Chartres Cathedral--another temple to Mary the Queen
Updated: Mar 3, 2021
Chartres isn't very far from Paris, by modern standards, and its veneration of Mary is an occasion for comparisons to Notre Dame de Paris. Chartres' cathedral has distinctive representations of the figure, and points to other figures who give her role context--Anne, her barren mother; Mary Magdalene, with her more sensual love of Jesus (as opposed to Christ); and Old Testament Queens, such as the Queen of Sheba.
La Belle Verriere
This window is arguably the most famous at Chartres. It's named "Notre Dame de la Belle-Verriere," which I translate as "Our Lady of the Blue Mantle." This refers to the striking blue vestment she wears, which at the time of day I shot this, unfortunately, was rather blown out by bright sunlight. It is a luminous sky-blue in less-extreme light. In this scene, she is Madonna, Queen of Heaven, and throne of wisdom. She is shown here in monumental scale, dwarfing all figures around her. The famous cobalt blue pieces of glass which compose much of the background, are so famous they're given the name"Chartres Blue."
In fact, the color of the stained glass at Chartres (and just in general), is so stunning (quite intentionally), that one can often lose appreciation of the skill of the composition of the cut pieces, and, even moreso the painted (and/or etched) designs in the window. So, here, I give you a black-and-white version of the window. You can see that quite a lot of the impact of the composition comes from those painted pieces, not just from placement of colored shapes.
The South Rose Window
The South Rose Window is quite different from the rose window at Notre Dame de Paris I discussed in a previous post--where that was more of an organizational chart.
Here, the figures surrounding an enthroned Christ are more in the position of courtly attendants and footmen: The inner petals of the rose are attending angels (similar to those in the Belle Verriere window), and the outer roundels are the 24 Elders, who attend Christ's coronation at the Apocalypse with music and perfume.
The West Rose Window
The West Rose window rather blows my mind, because it was the first time I'd seen a Last Judgment rendered in a radiating format. I'm more used to the arrangement in strata that is done in the tympana of (usually) west portals. Here, you have Christ in Majesty, but in a quatrefoil instead of the usual mandorla. In the small roundels of the petals are attendant angels and the figures of the tetramorph. Lots and lots of wings. At 12 o'clock is the heavenly Bosom of Abraham for the saved. At 2,3,4, 10, 9, and 8 o'clock are the Apostles (I'm fairly certain). At 6 o'clock the archangel Michael is weighing souls with an adorable green-faced demon; the crowned and clothed saved go with Michael to the left at 7 o'clock, and the naked damned go with the demon (now orange-faced) to the right, presumably to hell.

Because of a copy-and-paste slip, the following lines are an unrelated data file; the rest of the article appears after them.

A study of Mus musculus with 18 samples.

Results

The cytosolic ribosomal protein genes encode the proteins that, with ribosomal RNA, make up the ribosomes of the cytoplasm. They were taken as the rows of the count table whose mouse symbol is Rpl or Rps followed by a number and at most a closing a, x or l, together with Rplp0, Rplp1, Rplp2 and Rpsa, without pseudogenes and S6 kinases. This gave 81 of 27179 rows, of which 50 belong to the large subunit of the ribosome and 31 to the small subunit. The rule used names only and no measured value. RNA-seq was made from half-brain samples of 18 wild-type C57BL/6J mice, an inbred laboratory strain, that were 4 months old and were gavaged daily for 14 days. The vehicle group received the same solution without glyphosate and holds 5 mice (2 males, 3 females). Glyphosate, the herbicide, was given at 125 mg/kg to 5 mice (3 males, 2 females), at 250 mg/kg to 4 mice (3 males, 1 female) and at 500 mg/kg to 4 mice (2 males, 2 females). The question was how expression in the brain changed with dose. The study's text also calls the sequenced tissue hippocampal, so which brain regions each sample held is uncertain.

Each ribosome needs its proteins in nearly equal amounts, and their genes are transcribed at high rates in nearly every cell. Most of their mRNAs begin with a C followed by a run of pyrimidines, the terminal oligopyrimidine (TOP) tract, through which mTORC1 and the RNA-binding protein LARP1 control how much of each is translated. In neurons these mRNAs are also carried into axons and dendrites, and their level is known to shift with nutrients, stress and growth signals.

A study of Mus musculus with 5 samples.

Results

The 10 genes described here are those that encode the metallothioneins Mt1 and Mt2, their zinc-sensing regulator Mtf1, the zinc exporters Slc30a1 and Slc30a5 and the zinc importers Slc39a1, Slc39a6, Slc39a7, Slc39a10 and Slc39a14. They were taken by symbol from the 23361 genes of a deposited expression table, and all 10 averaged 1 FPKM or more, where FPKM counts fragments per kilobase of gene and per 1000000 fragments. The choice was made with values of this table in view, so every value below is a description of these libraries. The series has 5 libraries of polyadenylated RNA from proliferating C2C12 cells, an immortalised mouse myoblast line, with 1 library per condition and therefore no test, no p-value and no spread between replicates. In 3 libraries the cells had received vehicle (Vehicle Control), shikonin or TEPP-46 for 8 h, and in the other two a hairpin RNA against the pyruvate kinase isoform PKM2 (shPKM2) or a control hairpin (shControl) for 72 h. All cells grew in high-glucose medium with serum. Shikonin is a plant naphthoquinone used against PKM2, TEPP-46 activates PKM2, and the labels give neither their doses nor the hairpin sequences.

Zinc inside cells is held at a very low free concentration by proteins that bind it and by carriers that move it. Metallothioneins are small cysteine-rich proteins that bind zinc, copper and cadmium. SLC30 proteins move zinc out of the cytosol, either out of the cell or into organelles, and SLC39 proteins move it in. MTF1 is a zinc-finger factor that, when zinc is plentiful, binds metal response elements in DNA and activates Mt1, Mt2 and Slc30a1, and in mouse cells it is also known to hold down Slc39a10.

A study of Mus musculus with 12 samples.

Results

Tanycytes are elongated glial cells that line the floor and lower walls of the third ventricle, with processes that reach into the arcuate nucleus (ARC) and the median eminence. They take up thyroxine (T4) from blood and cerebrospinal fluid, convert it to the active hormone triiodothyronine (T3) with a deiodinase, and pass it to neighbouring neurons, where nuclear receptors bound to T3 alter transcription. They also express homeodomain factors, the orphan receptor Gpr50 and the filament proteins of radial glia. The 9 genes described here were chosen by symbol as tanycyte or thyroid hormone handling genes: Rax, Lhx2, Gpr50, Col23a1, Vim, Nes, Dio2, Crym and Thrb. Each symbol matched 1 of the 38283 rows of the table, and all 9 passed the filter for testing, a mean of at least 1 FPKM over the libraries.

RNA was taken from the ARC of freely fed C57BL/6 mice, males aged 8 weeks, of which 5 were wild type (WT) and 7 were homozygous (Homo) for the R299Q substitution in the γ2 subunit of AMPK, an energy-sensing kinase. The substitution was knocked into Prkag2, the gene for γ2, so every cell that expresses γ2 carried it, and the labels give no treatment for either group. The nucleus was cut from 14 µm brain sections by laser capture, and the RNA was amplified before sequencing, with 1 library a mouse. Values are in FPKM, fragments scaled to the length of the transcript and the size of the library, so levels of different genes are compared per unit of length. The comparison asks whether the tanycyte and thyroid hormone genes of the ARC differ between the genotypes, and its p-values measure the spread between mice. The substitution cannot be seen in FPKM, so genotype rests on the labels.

There's an elaborate late 17th-century choir screen at Chartres, and in it one finds this Magdalene (at the foot of the Cross). I've darkened the other figures so that you can see her better--she has the customary sensual flowing hair. She also appears in the original 13th-century program as one of the Apostles, surprisingly, as a carving into the engaged pillars. Both of these roles counter are subordinated to Mary. The Magdalene generally, as the art seems to go here, inserts an earthly and intrusive vibe, where the Virgin Mary is set apart from everyone except Christ as removed from the living to the eternal.
The Queen of Sheba
The Queen of Sheba stands as one of the engaged pillars in the Western Portal, among the kings and queens of the Old Testament. I think she is quite similar to the Magdalene, in that she was in political/active (and perhaps sensual) proximity to a religious ruler--Solomon. She has striking hair, like the Magdalene in the portal area, but it is bound into orderly braids, even as its abundance spills down her sides. I've darkened the surrounding features in the portal, so you can appreciate how ornate she is, and how regal. Like the Belle Verriere Mary, but on a much smaller scale, ranked among lesser powers. She carries a book, presumably of law, and that's in deliberate contrast, I think, the the Madonna, who holds the Living New Law.
I just wanted to finish out with an image of the famed labyrinth of Chartres. It was designed, among other things, as a way that those who couldn't go on physical pilgrimage could do so symbolically (meditatively) within the Church. Perhaps those who were pilgrims from afar did this walk, too. It fits wonderfully with the nature of Mary put forward thematically at Chartres, where she progresses through different stages of virtue, and yet ends up centered.